You may remember a time when the humble chain email filled your early 2000s Hotmail inbox. Your adolescence may have been punctuated by forwarded messages from a grandparent or school friend, usually with a subject heading penned in all caps, and a recipients list longer than you care to remember. Their defining purpose, replication: whether enticed by the possibility of good favour or fortune, or in fear of tempting fate should we not comply. Superstitious or not, you might have found yourself following absurd instructions to 'forward this email to 12 people' as prompted, 'just in case' whatever ridiculous threat or miracle it predicted might (against all odds) be true.
@.snzzzz Claim this #fyp #fypシ゚viral #fypdongggggggg #viralvideo #blowthisup #fypage #gethisviral #claim #karma ♬ original sound - J
While our inboxes don't seem to see chain letters in the form of emails too often these days, the format is far from obsolete. Now firmly in the era of social media, Gen Z seems to have picked up where we left off, our TikTok 'For You' pages of late becoming home to a spate of chain letter-type videos, predominantly from the spiritual side of the app. Content creators promising us good fortune, more money or simply a text from an ex, should you interact, repost, or comment 'I affirm' on their videos.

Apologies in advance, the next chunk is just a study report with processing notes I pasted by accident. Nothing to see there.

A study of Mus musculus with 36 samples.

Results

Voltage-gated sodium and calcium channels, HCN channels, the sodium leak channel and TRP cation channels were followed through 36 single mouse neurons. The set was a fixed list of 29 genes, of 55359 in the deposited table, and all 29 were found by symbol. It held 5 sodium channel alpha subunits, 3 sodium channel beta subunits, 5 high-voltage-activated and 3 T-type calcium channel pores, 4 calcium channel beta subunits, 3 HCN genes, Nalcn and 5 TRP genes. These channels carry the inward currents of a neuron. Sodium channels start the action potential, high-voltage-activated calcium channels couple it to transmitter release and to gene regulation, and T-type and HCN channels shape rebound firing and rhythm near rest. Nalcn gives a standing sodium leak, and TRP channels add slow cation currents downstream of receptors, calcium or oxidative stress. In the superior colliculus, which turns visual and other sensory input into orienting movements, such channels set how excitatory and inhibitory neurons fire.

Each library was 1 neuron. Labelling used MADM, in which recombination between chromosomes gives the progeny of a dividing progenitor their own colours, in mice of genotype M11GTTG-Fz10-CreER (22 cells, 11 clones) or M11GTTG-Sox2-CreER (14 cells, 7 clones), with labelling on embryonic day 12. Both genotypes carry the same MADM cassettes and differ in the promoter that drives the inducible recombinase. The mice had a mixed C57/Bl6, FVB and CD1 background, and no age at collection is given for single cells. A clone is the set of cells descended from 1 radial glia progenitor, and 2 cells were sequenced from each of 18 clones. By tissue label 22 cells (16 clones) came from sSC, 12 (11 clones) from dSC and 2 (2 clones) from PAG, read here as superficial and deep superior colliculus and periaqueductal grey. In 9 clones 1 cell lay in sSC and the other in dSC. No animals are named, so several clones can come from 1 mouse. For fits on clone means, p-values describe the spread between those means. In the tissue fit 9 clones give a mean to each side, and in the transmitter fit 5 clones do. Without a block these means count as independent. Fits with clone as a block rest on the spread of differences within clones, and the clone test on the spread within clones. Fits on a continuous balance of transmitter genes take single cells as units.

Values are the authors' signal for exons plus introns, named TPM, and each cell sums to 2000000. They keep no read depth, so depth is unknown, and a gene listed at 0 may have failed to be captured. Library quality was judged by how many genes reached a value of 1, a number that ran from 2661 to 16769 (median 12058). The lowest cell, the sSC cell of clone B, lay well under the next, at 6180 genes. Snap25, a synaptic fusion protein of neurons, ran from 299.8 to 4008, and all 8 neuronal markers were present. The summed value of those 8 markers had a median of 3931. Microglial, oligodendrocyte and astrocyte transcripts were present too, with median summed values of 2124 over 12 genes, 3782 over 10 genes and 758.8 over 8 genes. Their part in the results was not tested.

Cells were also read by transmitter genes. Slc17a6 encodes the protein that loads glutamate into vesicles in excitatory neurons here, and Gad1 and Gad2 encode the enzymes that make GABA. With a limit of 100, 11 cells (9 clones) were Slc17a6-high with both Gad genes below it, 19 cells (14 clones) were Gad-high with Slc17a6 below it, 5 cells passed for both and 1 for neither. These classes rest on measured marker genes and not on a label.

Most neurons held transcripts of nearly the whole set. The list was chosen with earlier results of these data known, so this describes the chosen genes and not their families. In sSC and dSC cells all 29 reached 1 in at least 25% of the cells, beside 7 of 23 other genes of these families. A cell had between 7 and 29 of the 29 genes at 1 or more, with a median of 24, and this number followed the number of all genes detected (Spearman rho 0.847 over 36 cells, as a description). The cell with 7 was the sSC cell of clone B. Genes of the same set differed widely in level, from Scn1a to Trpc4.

For a generation that has popularised the idea of manifestation, it's little wonder that these videos are magnets for TikTok virality. They're easy to make too: simply pop together a text post with instructions to like, comment, save or share, couple it with a vague threat of impending doom or claim to fortune, and soundtrack it one of the platform's trending audios – et voilà!
@user006382070008 4x + follow to claim 🍀 love you 🤍 #claim #trending #manifest #blowthisup #fyp #viral ♬ 我做了一个很长的梦（剪辑版） - 山崎泽野
Chain mail in one form or another isn't new. They've been around since well before the dawn of technology, some chronicling its history back more than a thousand years to early religious texts demanding replication, those compliant promised some form of eternal salvation. In some ways it feels like we've come strangely full circle with Gen Z's chain mail resurrection in the digital spirituality age. Only 'eternal salvation' has been replaced by 'a work promotion' or 'a text from someone you like'. Though the stakes may feel vastly incomparable, perhaps there is still a through-line here: that we have always suffered from the same afflictions that make us susceptible to chain letters; that at our core we are looking to console our anxiety, control our narratives, to confirm our biases.